The prime minister may be justified in his criticism of developed countries’ non-cooperative approach in the fight against climate change. However, India’s own efforts on environment protection leave a lot to be desired.
New Delhi: India ranks 177 in terms of its environment protection efforts, far lower than China – which is at 120 – according to a new 180-country study released at the World Economic Forum (WEF) in Davos on Thursday.
The country has plummeted 36 places in the last two years, according to a biennial report produced by Yale University and Columbia University along with the WEF. The study primarily attributes India’s low ranking (177/180) due to a poor showing in the environment health policy category and the number of deaths due to air pollution and low air quality.
Earlier this week, at the plenary session of the WEF, Prime Minister Narendra Modi took the moral high ground on the issue of climate change. While delivering the forum’s inaugural speech, Modi made a strong pitch on climate change, calling it the “first challenge” facing civilisation. He identified climate change, global terrorism and protectionism as the three toughest challenges before the world today.
The prime minister, however, also used his speech to criticise Western countries over what he saw as their non-committal attitude in the fight against global warming.
Modi questioned the developed world’s commitment to supply requisite technology and finances to developing countries, which is seen as critical for achieving success in the fight against climate change.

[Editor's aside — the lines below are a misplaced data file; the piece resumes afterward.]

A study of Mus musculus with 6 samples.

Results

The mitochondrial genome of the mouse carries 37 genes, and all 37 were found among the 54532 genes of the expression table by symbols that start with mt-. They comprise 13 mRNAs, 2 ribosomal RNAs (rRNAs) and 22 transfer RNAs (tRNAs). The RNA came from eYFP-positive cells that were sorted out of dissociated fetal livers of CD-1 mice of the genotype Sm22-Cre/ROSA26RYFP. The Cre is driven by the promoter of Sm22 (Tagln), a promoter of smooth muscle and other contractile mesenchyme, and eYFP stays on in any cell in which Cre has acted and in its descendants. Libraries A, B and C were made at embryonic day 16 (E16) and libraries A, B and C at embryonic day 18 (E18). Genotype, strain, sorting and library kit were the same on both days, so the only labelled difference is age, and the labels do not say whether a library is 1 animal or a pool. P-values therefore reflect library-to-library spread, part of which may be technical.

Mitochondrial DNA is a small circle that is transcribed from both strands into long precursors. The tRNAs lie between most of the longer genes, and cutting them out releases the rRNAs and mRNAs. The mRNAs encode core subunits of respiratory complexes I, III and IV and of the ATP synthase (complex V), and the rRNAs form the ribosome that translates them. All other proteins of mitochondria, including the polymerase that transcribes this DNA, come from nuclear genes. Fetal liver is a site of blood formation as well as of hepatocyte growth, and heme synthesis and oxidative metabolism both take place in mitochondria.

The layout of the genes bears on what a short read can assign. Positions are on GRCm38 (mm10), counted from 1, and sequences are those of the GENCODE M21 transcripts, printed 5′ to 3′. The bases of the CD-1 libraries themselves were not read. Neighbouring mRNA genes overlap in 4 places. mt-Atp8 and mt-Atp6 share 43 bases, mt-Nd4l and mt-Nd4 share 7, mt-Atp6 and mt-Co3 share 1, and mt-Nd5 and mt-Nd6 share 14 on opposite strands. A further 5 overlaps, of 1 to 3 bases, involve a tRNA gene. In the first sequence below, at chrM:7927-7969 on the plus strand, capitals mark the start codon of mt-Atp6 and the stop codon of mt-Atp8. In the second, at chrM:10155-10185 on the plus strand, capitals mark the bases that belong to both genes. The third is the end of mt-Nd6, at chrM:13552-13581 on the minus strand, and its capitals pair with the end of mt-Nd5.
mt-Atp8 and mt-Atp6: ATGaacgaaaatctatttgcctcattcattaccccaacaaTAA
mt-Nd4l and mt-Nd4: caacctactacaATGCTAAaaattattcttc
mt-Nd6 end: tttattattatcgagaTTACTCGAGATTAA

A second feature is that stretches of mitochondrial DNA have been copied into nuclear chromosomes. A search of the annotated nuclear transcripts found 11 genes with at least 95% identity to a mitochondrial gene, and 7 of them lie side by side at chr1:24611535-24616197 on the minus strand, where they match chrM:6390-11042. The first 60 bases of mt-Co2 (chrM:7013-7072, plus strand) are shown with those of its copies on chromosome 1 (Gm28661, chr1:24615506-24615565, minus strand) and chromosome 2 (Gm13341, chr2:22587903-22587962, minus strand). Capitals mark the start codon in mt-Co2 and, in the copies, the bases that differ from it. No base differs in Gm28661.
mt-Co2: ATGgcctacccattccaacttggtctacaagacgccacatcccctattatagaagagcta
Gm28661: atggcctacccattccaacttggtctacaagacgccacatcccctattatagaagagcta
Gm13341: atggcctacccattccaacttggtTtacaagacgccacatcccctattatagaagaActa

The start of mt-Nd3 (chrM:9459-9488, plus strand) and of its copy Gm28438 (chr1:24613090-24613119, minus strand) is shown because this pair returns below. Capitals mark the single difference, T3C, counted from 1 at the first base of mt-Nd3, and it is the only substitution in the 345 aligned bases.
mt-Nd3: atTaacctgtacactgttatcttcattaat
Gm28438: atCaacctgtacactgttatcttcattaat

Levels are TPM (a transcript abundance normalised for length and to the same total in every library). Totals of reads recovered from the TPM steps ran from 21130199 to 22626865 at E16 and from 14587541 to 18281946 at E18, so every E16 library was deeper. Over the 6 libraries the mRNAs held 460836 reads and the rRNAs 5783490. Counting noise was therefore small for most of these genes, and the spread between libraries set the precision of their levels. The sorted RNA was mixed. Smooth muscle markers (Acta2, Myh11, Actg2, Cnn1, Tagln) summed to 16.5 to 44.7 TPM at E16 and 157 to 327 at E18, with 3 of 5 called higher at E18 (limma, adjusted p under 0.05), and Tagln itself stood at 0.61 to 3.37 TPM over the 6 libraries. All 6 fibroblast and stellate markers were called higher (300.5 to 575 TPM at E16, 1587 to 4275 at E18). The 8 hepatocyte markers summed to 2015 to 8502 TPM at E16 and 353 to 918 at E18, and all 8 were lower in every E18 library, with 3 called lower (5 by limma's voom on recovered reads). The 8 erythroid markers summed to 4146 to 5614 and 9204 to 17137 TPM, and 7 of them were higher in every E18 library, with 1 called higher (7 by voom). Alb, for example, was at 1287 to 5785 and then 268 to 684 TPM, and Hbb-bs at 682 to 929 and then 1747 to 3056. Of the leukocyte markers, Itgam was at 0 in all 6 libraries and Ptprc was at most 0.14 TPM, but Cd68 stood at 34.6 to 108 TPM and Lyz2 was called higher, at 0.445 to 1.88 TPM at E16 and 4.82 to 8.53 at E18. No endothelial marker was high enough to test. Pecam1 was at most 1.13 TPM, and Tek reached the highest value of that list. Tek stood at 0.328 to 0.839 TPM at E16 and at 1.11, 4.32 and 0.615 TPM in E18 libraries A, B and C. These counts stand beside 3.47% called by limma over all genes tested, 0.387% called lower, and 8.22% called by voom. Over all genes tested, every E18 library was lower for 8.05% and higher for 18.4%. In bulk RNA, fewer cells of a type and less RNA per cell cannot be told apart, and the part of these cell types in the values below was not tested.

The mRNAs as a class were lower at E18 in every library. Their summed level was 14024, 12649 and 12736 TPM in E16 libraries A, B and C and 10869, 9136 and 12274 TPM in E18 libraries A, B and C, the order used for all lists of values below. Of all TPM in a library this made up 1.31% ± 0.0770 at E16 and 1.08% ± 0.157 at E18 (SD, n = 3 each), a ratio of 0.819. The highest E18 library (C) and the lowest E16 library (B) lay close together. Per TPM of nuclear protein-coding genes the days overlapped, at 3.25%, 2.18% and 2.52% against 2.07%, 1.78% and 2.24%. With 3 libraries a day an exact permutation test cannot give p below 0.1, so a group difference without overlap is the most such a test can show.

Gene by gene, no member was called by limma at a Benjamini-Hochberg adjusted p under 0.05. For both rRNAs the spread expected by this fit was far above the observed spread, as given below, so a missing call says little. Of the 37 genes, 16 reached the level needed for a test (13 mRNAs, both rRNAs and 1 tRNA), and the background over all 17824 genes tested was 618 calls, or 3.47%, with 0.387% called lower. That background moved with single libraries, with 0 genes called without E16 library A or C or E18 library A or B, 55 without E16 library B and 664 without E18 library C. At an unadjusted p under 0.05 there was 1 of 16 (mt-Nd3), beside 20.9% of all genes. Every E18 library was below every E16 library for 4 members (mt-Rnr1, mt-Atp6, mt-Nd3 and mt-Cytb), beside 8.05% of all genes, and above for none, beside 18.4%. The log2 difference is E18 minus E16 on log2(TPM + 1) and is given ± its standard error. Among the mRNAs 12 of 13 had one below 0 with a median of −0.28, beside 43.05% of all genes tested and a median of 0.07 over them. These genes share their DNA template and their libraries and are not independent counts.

“Everyone is talking about reducing CO2 emissions but what is being done about it; very few countries are backing up with action on what they promised… where are the resources to help the developing countries?” Modi questioned, adding that very few have come forward to help.
The 2018 Environmental Performance Index (EPI) – prepared jointly by Yale University and Columbia University in partnership with the WEF – ranks 180 countries on 24 performance indicators across ten issue categories, covering environmental health and ecosystem vitality.
These metrics provide a gauge at a national scale of how close countries are to established environmental policy goals.
The EPI thus offers a scorecard that highlights leaders and laggards in environmental performance, gives insight on best practices and provides guidance for countries that aspire to be leaders in sustainability. Only Congo, Bangladesh and Burundi – all of them ‘least developed countries’ – come lower than India on the environment protection ranking. Even Nepal comes ahead of India.
Switzerland ranks first on the list, followed by France and Denmark, who hold second and third positions, respectively.
Modi may be justified in his criticism of developed countries’ non-cooperative approach in the fight against climate change, however, India’s own efforts on environment protection leave a lot to be desired.
For example, in 2015, the Ministry of Environment & Forests had strengthened emission norms for coal-fired power plants given the sector’s contribution to the deteriorating air quality in the country, which is seen as a public health hazard.
Power plants were given two years time to comply with revised emission norms. However, the government has been sitting on the issue – the power ministry made no effort to push power companies to prepare for compliance with new guidelines that were to become effective from December 8, 2017.
Now the power ministry is planning to extend this deadline by another five years. Moreover, there is no effort by the ministry to frontload emission reduction commitment under the extended compliance roadmap.